Maryam Mirzakhani rose to global fame in 2014 when she became the first, and to date the only, woman to win the Fields Medal.
By TR Pakistan

“I did poorly in math for a couple of years in middle school; I was just not interested in thinking about it. I can see that without being excited mathematics can look pointless and cold. The beauty of mathematics only shows itself to more patient followers.”

Maryam Mirzakhani was probably gifted with a lot of patience, because despite doing poorly in mathematics for a few years in school, she was mourned as one of the best mathematical minds in the world when she died on July 14. She was 40 years old. She had been battling breast cancer since 2013; the disease spread to her liver and bones in 2016.

Mirzakhani rose to international fame when she became the first woman to win the Fields Medal in 2014, the most prestigious award in the field of mathematics. The Iranian mathematician won the prize for her “outstanding contributions to the dynamics and geometry of Rieman surfaces and their moduli spaces.” She shared the award with three other mathematicians – all men.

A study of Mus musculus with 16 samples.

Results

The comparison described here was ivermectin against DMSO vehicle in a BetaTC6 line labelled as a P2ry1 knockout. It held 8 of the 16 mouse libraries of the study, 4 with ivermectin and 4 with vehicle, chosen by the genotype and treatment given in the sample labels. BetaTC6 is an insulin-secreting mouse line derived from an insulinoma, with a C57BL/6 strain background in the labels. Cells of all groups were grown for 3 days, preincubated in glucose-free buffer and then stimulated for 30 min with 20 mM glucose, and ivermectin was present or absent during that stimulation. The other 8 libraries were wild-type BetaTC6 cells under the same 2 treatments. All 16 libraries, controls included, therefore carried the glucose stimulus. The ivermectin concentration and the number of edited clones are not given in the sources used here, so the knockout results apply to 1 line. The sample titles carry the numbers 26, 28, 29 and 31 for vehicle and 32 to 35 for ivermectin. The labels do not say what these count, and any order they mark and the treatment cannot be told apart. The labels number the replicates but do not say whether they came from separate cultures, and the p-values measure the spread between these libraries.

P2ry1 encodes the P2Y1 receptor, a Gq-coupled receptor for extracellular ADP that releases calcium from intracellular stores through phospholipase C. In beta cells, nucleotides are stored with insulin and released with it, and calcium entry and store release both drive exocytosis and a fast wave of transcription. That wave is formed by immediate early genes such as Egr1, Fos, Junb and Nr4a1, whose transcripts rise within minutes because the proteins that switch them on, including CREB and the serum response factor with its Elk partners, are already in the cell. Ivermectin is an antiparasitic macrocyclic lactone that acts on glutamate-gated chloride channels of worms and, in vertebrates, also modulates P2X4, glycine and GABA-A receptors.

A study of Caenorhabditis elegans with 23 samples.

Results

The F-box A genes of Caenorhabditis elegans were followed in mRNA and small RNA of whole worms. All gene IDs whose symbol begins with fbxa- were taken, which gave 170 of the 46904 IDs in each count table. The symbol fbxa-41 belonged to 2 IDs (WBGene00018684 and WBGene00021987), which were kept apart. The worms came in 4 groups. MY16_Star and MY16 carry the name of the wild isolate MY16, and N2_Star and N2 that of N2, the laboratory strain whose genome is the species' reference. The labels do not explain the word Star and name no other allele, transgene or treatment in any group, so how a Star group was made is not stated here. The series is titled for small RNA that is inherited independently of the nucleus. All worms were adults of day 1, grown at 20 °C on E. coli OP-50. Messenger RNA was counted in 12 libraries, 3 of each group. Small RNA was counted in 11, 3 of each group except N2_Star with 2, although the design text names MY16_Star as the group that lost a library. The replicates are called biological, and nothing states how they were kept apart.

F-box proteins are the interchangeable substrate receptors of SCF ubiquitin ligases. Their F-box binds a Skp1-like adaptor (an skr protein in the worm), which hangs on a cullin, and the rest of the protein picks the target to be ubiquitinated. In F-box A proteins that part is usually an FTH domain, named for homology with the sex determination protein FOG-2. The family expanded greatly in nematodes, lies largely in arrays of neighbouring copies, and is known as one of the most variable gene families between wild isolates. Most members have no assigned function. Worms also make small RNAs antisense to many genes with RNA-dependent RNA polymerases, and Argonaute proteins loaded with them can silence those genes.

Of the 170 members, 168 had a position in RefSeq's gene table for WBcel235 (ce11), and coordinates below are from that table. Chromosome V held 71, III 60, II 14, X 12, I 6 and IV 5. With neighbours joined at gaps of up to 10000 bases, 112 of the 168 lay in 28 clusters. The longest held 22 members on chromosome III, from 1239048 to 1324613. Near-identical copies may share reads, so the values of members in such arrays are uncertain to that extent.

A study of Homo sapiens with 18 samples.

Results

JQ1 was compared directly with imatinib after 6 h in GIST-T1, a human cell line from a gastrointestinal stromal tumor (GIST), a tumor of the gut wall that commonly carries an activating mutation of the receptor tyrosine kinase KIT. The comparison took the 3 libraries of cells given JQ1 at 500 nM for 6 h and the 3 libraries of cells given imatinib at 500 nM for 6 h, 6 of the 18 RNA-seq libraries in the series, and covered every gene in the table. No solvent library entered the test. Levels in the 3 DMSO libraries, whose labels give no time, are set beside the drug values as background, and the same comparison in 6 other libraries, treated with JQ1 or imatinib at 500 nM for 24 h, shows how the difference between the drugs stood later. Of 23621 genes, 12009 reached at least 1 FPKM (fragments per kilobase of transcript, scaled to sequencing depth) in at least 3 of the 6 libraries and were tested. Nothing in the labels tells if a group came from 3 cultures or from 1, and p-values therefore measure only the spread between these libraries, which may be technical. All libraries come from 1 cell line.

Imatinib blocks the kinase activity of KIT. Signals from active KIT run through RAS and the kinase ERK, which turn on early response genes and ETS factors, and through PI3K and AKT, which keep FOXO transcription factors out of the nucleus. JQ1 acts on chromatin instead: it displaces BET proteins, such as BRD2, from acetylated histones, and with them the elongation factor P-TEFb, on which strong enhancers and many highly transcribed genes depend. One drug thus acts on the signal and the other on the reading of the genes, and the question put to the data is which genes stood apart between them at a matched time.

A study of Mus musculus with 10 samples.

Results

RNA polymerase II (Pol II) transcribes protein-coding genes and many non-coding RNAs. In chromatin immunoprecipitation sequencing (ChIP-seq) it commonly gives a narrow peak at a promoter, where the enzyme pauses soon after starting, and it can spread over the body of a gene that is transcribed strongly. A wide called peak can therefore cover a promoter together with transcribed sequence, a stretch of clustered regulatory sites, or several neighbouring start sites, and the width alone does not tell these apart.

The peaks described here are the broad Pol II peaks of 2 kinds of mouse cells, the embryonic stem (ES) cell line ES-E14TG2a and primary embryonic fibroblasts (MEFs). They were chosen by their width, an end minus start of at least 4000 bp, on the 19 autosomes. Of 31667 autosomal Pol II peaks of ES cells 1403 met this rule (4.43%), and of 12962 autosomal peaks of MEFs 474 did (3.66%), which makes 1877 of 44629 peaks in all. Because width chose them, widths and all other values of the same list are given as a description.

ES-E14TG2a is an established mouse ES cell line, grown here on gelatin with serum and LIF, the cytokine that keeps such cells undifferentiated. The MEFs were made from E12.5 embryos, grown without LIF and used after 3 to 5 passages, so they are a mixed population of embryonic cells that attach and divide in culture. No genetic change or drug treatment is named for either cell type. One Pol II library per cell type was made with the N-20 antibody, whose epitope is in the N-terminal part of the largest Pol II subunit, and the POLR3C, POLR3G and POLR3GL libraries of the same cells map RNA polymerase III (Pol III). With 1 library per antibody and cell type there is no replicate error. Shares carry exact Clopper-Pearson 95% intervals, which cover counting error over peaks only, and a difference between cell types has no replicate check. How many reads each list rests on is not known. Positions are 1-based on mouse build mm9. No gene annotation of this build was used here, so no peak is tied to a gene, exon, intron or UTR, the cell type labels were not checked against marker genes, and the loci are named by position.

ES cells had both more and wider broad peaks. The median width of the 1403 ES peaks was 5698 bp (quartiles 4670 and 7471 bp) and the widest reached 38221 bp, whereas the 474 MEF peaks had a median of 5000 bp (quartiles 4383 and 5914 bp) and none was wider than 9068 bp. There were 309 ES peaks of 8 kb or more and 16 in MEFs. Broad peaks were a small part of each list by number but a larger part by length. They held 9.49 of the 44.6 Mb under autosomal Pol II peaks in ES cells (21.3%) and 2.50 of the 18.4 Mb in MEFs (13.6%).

In 2004, Mirzkhani earned a PhD from Harvard University where she worked under the supervision of Fields medalist Curtis Mullen. In 2008, Mirzkhani joined Stanford University as a professor.

“Mirzakhani specialized in theoretical mathematics that read like a foreign language by those outside of mathematics: moduli spaces, Teichmüller theory, hyperbolic geometry, Ergodic theory and symplectic geometry,” a statement issued by Stanford University said.

“Mastering these approaches allowed Mirzakhani to pursue her fascination for describing the geometric and dynamic complexities of curved surfaces spheres, doughnut shapes and even amoebas – in as great detail as possible.”

Her work had implications in fields ranging from cryptography to “the theoretical physics of how the universe came to exist”, the university said.

“Maryam was a wonderful colleague,” said Ralph L. Cohen, the Barbara Kimball Browning Professor of Mathematics at Stanford. “She  not only was a brilliant and fearless researcher, but she was also a great teacher and terrific PhD adviser.  Maryam embodied what being a mathematician or scientist is all about:  the attempt to solve a problem that hadn’t been solved before, or to understand something that hadn’t been understood before.  This is driven by a deep intellectual curiosity, and there is great joy and satisfaction with every bit of success. Maryam had one of the great intellects of our time, and she was a wonderful person.  She will be tremendously missed.”

Mirzakhani is survived by her husband, Jan Vondrák, and a daughter, Anahita.